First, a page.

Why Do Genetics
Genetic Terms
More Terms
Basic Molelcular

More Basic Concepts
Mutation Frequency
Chemical Mutagenesis
Frameshift Mutation
DNA Repair
Mutation Summary
Detecting Mutants
Complex Mutation
Insertion Sequences
Compound Transposons
Complex Transposons
Models of

Transposition Summary
Mutagenesis in vitro
Effects of Mutations
Plasmids and

F Factor


Two Factor Crosses
Deletion Mapping
Other Mapping Methods
Strain Construction
Inverse Genetics
Gene Isolation
Characterization of

Sequence Data
General Approaches
Final Summary
Problem Set 1
Problem Set 2


©2000 written by Gary Roberts, edited by Timothy Paustian, University of Wisconins-Madison


The purpose of this section of the course is to give you a feeling of why and how someone would profitably use genetics in the analysis of a biological question. The view presented will be reasonably subjective and prejudiced. The approach will not be historical although some topics will be briefly treated that really have only historical interest. A number of different items will come up at several points in the text, either because I could not see how to avoid that or because they deserve to be reemphasized.

The goal is two-fold: (1) to help you ask what the use of genetics might be on research problems that confront you and (2) to help you decide the proper interpretation of genetical research performed by others. For the purposes of this text, genetics will be defined as the generation, identification and analysis of mutants.


What sort of information do you get through this approach? The discipline of biochemistry allows the precise analysis of biological phenomena, but it is typically limited to analyses in vitro. Genetic analyses are less precise and direct, but they provide an understanding of the system in vivo. The following is not intended to be an all-inclusive list of "uses" of genetics, but provides some idea of the range of possibilities:

  1. Organization of Genes. The generation and characterization of mutants provides insight into the number of genes involved, their relative location, and their transcriptional organization.

  2. Functional Studies. Biochemical characterization of mutants that have been genetically characterized and defined as affected in a single gene provides: (a) an indication of the various roles that gene product plays in vivo; (b) correlation of a gene and its protein product confirms the identity of the actual protein performing a given function in vivo; (for example, purifying a protein capable of donating electrons to enzyme X in vitro does not prove that it is the in vivoelectron donor. The isolation of a mutant that fails to reduce enzyme X in vivo and the subsequent identification of a protein lacking or altered in that strain would provide a strong argument that the missing protein was the in vivo donor.). (c) Analysis of metabolites accumulated in mutants provides an indication of metabolic pathways and correlates the mutation (and therefore the affected gene) with a biochemical step. Similarly, analysis of which externally supplied pathway intermediates "bypass" the genetic block confirms pathway characterization and gene-function assignments.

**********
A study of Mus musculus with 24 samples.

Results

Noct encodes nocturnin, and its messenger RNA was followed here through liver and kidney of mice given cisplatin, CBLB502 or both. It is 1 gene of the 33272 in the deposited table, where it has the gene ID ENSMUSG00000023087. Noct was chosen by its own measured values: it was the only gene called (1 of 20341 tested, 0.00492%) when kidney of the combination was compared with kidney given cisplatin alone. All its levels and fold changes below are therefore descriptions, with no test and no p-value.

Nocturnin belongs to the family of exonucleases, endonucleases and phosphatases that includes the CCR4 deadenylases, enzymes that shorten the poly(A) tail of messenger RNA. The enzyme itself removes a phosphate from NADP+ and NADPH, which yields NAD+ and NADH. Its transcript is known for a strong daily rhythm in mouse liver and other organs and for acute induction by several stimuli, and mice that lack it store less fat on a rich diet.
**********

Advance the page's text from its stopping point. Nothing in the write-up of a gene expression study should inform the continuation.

3. Structural Studies. The biochemical characterization of a number of altered versions of a gene product provides insight into the relationship of the structure to the function of the protein. This is particularly true for proteins whose structure has been determined by X-ray crystallography: the sequence position of the mutation within the gene allows the correlation of the resulting biochemical defect with a position on the 3-D protein structure.

  4. Biotechnology. There are obvious biotechnological values in the generation of mutants with desirable properties like overproduction of the desired gene products or metabolites, production of novel gene products or metabolites, or the easily regulated production of gene products or metabolites.

The specific power of bacterial genetics derives from the possibility of analyzing very large numbers of events (because bacteria are very small) and of performing selections (see section II), in addition to the fact that bacteria perform a vast number of important biological roles in and of themselves.